You Can’t Vote It Forward

Why facebook and Twitter discourse will have a negligible effect on election results.

WrittenBy:Kunal Singh

The total followers of the three parties, assuming no overlap, forms less than 6% of users on Twitter. While the sum of followers of Narendra Modi and Arvind Kejriwal form 27.6% of the total Twitter users in India. Extending the same logic (i.e. no user likes more than one party) to facebook, people who like the pages of the respective political parties – AAP, Congress and BJP – form 6.5% of total facebook users. Again, assuming no overlap, the number of likes on Narendra Modi’s and Arvind Kejriwal’s pages equals 16.6% of total facebook users. (Rahul Gandhi, of course, prefers talking about women’s empowerment in one-on-one interviews rather than engaging with women or men on the social media.)

It will be fair to say that first-time voters are better represented on social media than repeat voters. Let us take the representation to be 60% and 15% respectively (both assumptions are on the higher side). Then the new number of voters on facebook and Twitter would be around 7 million (98mn x 12% x 60%) and 1.8 million (98mn x 12% x 15%) respectively. Accounting for the overlap, we can come to a figure of around 8 million new voters on social media. Conventional wisdom will reveal that the voter turnout out of these new social media voters would be less than usual. However, on the higher side, let us say their turnout will be 70%. That makes 5.6 million “new votes” in 2014.

Two big assumptions that we have made while arriving at this figure are:

1) Ignoring the number of deaths among voters who voted in 2009, and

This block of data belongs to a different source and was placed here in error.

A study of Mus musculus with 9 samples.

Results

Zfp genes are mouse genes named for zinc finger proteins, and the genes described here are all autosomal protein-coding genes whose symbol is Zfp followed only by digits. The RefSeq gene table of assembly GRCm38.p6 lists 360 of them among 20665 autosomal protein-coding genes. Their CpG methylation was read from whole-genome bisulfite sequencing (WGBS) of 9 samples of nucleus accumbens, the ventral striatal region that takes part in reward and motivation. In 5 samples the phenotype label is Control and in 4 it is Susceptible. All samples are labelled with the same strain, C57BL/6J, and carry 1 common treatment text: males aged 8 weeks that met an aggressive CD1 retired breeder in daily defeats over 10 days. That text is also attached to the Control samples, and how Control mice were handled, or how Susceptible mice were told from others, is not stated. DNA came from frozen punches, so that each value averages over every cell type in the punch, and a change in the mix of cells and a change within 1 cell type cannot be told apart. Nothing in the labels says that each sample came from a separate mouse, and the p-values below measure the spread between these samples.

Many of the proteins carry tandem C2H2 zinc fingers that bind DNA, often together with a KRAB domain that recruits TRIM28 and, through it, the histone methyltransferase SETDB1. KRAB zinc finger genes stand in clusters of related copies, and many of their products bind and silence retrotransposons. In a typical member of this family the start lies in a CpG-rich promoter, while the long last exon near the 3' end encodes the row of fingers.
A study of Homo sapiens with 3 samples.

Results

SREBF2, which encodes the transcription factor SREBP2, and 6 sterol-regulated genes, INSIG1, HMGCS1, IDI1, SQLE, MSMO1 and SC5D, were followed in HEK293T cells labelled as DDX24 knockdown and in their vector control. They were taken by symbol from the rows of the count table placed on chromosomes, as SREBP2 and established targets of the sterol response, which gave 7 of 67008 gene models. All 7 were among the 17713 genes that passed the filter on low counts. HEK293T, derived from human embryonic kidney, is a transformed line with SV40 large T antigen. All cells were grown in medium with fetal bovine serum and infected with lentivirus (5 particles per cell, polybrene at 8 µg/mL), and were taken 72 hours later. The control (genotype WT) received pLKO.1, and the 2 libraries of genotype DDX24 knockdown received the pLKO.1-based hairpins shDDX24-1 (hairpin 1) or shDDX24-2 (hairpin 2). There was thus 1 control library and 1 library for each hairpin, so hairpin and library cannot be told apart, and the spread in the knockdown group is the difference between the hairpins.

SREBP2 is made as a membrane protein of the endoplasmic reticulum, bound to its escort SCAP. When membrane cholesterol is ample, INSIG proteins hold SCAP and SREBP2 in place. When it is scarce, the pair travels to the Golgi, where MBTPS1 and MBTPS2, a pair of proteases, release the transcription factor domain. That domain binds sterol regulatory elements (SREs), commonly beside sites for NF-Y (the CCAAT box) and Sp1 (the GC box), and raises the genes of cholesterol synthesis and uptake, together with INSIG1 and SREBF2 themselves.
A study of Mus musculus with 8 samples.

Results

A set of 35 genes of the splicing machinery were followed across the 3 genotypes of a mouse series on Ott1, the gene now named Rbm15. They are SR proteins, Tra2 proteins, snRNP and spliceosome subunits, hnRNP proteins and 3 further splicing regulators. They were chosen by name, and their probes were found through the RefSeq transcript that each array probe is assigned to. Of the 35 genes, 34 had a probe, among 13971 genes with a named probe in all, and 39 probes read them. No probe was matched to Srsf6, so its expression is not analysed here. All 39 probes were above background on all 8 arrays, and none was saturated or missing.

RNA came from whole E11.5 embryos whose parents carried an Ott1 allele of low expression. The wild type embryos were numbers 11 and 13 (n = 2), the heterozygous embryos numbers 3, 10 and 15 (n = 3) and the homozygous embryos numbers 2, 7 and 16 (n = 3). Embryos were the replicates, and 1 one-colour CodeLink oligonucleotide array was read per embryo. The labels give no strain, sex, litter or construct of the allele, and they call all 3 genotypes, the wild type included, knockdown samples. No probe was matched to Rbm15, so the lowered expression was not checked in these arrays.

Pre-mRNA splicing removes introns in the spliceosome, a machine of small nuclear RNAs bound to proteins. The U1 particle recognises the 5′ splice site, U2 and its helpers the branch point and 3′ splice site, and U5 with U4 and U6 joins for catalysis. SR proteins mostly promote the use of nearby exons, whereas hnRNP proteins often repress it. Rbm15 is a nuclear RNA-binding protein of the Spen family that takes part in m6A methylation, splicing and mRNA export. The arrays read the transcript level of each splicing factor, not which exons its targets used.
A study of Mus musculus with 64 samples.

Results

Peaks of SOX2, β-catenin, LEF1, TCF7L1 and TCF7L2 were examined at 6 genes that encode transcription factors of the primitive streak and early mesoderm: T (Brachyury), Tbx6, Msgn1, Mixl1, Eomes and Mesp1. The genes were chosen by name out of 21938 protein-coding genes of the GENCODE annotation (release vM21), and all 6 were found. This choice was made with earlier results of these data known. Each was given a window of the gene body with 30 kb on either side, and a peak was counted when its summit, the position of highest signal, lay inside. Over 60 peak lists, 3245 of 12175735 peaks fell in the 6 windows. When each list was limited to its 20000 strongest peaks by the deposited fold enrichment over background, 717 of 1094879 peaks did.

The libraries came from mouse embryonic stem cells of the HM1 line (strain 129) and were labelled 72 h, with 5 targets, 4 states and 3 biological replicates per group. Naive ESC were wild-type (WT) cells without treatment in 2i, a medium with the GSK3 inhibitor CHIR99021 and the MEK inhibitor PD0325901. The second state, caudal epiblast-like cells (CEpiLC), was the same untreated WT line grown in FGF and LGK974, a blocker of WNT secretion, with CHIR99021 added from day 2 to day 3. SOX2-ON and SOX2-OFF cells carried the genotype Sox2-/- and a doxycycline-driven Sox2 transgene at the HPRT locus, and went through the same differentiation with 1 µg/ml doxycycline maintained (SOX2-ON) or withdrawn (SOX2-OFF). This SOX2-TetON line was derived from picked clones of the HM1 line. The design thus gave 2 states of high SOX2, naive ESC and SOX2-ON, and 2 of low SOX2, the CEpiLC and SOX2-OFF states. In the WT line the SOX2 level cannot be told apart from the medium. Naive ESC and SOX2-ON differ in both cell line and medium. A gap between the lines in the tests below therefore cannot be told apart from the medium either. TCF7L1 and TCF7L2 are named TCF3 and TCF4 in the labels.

2) The number of voters present on social media who will not necessarily be voting for the first time. The first assumption means that the number of new voters must be greater than 98 million but we have offset this “reality” by taking our earlier assumptions of social media representation and turnout on the higher side. The second assumption is difficult to account for. However, one can say that old voters will not get as influenced by social media as new voters. It is also no guarantee that new voters, as a block itself, will get influenced by social media. We can say that there will be around 6 million votes that will be partially or completely influenced by the discourse on the social media.

The number of urban constituencies is close to 200, while the rest are rural or semi-urban. Let us make another assumption that 5 million of the 6 million votes arrived at earlier belong to these 200 urban constituencies. This would make 25,000 votes per urban constituency who would be influenced and using social media. Given that the average number of votes that would be cast per constituency, assuming 60% turnout, would be 900k (815mn x 60% / 543), the 25,000 votes would not make much of a difference. Moreover these 25,000 votes are not decidedly going to a single party. We can safely assume – after taking so many assumptions in the interim – that the partisan discourse on facebook and Twitter isn’t potent enough to make an equally partisan impact on the elections.

Why then is our social media feed so cluttered with political brouhaha? Well, remember the Pareto principle? 80% of the effect comes from 20% of the cause. In fact, 10% of the users of social media create 90% of the political noise. The principle of “one man-one vote and one vote-one value” given by Dr Ambedkar, ensures that the Pareto principle fails at the doorstep of Indian electoral system.